Taking Care Of That Newly Adopted Senior Cat

Posted on: 20 April 2016

Congratulations on adopting a senior feline! These cats have often lost a previous owner or have been abandoned. They deserve a forever home, too, and are capable of giving back a lot of love. Because of their age, they may need some extra help and attention. Here are a few ways that you can give them a comfortable life for their remaining years.

1. Adjust their diet according to their changing body.

Many senior cats develop arthritis, which causes pain and inflammation in their joints. Your veterinarian can suggest food options to help your cat have healthy bones and joints. A low calorie diet keeps your cat lean and removes the weight from painful joints. A high protein diet that emphasizes animal protein with limited or no grain gives your cat the energy it needs and is easier on their digestive system.

Foods rich in omega 3 fatty acids have a mild anti-inflammatory effect on the joints. Foods fortified with calcium provide the building materials for new bone and cartilage to replace the joint surfaces worn away by arthritis. The food supplements glucosamine and chondroitin promote new cartilage growth in your cat's joints.

2. Make mealtimes easier for your senior cat.

If your new cat has stiffness in its spine, it may have difficulty getting to the food and water dishes on the floor. Raise them slightly so your cat doesn't have to bend down to eat and drink. Use smaller bowls so your cat doesn't have to stretch across a large dish to get to the food.

Your senior cat may eat slower than the other cats in your household. This can put stress on your cat as they try to eat as much as they can before the other cats compete for the rest of the food in their dish. Solve this problem by feeding your senior cat in a quiet place by themselves so they can take their time eating.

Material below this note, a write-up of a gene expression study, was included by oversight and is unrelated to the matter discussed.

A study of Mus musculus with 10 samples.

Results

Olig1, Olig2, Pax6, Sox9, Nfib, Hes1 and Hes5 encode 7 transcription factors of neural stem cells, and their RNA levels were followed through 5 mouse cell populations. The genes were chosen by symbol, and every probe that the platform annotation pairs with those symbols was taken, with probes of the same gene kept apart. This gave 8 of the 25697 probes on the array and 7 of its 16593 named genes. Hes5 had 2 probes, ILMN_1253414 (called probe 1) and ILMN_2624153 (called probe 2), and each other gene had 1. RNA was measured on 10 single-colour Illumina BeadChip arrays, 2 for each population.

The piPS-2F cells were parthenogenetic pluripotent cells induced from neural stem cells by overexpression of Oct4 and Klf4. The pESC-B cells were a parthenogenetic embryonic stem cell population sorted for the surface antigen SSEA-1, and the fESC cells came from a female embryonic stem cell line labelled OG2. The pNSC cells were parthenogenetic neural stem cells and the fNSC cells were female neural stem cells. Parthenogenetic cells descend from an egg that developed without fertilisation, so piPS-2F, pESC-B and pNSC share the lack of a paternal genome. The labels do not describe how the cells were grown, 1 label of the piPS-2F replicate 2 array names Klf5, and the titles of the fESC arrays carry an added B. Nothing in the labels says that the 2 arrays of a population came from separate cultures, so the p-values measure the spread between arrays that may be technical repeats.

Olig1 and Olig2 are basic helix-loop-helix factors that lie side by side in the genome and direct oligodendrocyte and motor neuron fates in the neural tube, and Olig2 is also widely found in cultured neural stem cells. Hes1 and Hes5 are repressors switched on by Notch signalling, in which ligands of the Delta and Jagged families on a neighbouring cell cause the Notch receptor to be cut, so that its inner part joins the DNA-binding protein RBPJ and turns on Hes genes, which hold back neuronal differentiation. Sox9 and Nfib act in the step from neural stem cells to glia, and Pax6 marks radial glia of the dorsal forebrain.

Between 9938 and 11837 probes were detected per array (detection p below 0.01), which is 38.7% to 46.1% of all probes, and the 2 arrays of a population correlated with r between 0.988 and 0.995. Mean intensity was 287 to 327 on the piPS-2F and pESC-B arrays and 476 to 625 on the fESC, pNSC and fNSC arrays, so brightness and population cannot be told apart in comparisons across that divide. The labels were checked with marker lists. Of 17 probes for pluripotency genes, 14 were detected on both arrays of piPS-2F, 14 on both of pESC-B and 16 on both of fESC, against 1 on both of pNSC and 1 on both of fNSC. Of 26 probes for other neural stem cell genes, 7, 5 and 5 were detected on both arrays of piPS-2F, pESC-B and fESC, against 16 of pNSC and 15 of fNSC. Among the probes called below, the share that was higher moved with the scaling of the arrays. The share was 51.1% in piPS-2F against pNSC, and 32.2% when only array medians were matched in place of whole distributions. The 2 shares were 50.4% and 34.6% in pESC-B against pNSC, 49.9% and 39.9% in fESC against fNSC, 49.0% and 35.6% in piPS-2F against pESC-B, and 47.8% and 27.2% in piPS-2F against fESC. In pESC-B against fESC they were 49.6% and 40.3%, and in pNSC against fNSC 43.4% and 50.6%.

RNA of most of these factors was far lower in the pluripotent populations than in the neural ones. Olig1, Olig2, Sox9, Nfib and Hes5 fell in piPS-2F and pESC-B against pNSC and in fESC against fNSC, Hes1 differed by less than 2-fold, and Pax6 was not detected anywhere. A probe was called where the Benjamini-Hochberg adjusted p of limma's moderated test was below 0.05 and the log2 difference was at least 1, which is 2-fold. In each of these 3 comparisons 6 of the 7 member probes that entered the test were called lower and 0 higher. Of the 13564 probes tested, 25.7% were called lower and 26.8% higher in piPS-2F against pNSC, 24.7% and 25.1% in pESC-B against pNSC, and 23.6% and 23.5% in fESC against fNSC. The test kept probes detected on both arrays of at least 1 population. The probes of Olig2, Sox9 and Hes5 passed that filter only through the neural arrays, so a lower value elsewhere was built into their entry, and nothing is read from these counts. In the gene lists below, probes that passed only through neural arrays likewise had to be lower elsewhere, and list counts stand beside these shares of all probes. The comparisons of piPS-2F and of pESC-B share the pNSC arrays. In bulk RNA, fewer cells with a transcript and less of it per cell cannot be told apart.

3. Adjust the litter box for easy access.

If your new cat has painful joints, it may find it hard to step up over a high lip on a litter box to get inside. If possible, cut down the opening to be as low as possible. Get a new litter box with a lower edge or use a cookie sheet lined with newspaper and litter.

4. Create hideaways for your senior cat.

Some older cats need to periodically get away from the hectic nature of a household and other pets. Create some spots in the house where your cat can go to rest and not be disturbed. On the floor of a closet with the door left partially open is a good spot. Behind heavy furniture or under a bed are some other possible locations.

5. Make access to upper levels of the house easier for your cat.

If your new cat enjoys being on the couch or bed with you or sitting in a window sill, make getting up to those areas easier for the cat. Climbing and jumping may be jarring to your cat's joints. Arrange some small boxes into stairs to make it easier to access those higher places. Or make or buy a carpeted ramp for the cat to use.

Make sure to choose a reputable vet service like Canal Road Animal Hospital for your senior cat's needs.